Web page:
I used to be a huge coffee fan. I loved my green tea, I loved my coffee and I loved my chocolate, largely for the taste, but also for the boost in stimulation.
In the short term, these treats give us a boost in our alertness, but in the long term you’ll find that these products cause fatigue. I was reading up on how to relieve stress because I was concerned about how anxious I was getting at work and found that there’s a huge link between caffeine and stress levels.
You see, caffeine actually reduces our ability to deal with stress, as opposed to improving it. Quite the contrarian effect to what you think it does. It also works as a diuretic which means that we urinate more, expelling minerals as we do, including minerals like magnesium – a tranquilizer-like mineral that helps with stress.
Caffeine works as a stimulant to the sympathetic branch of the autonomic nervous system, the part of the body that triggers the fight or flight response which is a response aimed to deal with stressors. When this is stimulated, it causes the adrenal glands to release hormones like cortisol and adrenaline, which filters into the blood and exacerbates our already worked bodies (not to mention causes weight gain around the waist).
Caffeine is one of the most popular drugs in the world, even though our body has no need for it, whatsoever. Caffeine actually has a psychoactive effect on the body, and an amount even as low as 250 mg per day will be enough to play a role in nervousness and insomnia. Caffeine on the whole lowers your ability to deal with stress and makes you more prone to difficulty when dealing with stressful situations.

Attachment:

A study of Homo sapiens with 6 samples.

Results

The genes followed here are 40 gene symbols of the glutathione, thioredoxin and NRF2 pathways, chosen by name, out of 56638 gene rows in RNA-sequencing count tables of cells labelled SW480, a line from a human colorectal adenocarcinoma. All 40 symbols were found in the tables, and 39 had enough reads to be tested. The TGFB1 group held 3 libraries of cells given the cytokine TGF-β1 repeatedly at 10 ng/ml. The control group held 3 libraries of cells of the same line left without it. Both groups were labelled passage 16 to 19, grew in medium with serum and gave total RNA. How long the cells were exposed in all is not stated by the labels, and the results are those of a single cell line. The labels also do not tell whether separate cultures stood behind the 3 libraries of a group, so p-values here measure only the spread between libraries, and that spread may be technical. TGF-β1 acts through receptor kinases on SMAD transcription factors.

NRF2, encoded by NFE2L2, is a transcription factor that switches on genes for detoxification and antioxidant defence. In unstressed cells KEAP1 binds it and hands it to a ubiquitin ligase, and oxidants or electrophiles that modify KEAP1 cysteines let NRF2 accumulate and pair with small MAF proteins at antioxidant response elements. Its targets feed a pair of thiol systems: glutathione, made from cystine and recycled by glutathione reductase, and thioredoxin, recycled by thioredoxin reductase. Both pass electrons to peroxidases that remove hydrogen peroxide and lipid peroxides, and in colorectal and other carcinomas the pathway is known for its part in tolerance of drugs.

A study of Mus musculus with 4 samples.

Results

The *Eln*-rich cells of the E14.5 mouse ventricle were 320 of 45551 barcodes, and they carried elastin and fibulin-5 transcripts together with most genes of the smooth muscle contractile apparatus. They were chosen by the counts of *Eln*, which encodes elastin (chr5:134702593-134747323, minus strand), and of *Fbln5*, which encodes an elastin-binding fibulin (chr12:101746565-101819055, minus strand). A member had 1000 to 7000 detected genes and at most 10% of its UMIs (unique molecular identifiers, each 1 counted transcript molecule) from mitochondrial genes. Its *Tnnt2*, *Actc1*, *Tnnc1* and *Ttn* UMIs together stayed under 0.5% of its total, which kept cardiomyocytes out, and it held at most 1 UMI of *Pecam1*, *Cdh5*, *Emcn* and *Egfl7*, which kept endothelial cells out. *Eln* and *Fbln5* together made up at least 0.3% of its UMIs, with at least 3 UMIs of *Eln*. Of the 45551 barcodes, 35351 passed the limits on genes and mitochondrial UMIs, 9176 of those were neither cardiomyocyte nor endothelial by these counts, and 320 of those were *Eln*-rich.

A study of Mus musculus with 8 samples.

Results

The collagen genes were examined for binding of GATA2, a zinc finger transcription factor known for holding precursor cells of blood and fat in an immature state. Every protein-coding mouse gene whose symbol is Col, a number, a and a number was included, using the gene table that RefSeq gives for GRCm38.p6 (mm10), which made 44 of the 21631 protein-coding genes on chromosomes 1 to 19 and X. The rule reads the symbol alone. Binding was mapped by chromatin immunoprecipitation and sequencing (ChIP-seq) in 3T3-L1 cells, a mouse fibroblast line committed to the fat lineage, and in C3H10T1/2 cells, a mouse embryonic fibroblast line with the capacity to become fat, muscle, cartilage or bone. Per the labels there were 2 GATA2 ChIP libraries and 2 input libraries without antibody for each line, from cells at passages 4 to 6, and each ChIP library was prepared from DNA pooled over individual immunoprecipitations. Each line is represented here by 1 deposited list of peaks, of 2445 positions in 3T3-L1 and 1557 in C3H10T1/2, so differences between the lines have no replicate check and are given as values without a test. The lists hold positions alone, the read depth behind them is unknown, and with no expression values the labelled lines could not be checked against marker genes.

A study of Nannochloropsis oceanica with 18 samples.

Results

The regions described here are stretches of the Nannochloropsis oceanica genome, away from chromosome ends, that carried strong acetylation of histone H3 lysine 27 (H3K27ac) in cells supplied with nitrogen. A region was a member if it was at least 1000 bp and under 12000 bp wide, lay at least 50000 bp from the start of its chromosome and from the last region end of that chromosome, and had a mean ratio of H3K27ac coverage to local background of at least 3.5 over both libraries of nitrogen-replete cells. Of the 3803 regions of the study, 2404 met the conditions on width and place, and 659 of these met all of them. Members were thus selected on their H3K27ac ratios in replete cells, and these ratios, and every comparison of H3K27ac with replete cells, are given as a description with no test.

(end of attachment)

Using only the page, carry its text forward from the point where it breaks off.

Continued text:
Another issue with caffeine is the impact that is has on a hormone called adenosine. This is a hormone which works to keep your anxiety levels within a certain limit, but the sad fact is that caffeine actually taps into the same receptor site in the brain that adenosine does, exacerbating your stress levels and causing anxiety. Yikes.
Studies have been done on people who regularly tap into the sweet goodness of coffee by way of consuming around four or even five cups of it per day! One study in particular looked at a group of people and found that if you consume this many cups of coffee, you’re going to experience around a 32% increase in stress hormones, namely adrenaline, and a 14% increase in the stress hormone noradrenaline. In addition to this, blood pressure was seen to rise, which can lead to an increase in stroke likelihood of heart attacks. Not great stuff, when you consider how many people are using coffee as a means of getting by in their lives.
Another way in which caffeine can be linked to stress is in the causality between caffeine consumption and anxiety attacks. For some people, they can drink coffee all day every day and not suffer any adverse stress response effects. For other people, they merely need to sniff coffee and that can trigger a panic attack. Scary stuff! I know I vary, depending on a few other factors like how much sleep I’ve had, and whether I’ve eaten – but I’ve certainly had a panic attack before after having two long blacks in a row! Not nice.
The experts recommend that you shouldn’t take in more than 250 mg worth of caffeine in a day, but this doesn’t account for people who are caffeine sensitive – some people can be triggered by as little as 4-5 mg! If you reduce your overall caffeine intake, you’re putting yourself at less risk of stress-related illnesses and issues, and you might just find that you can sleep better in the evening. Sure, it might be a hard slog at first but over time (and once you get over the hump), you’ll see that your energy levels will naturally rise again!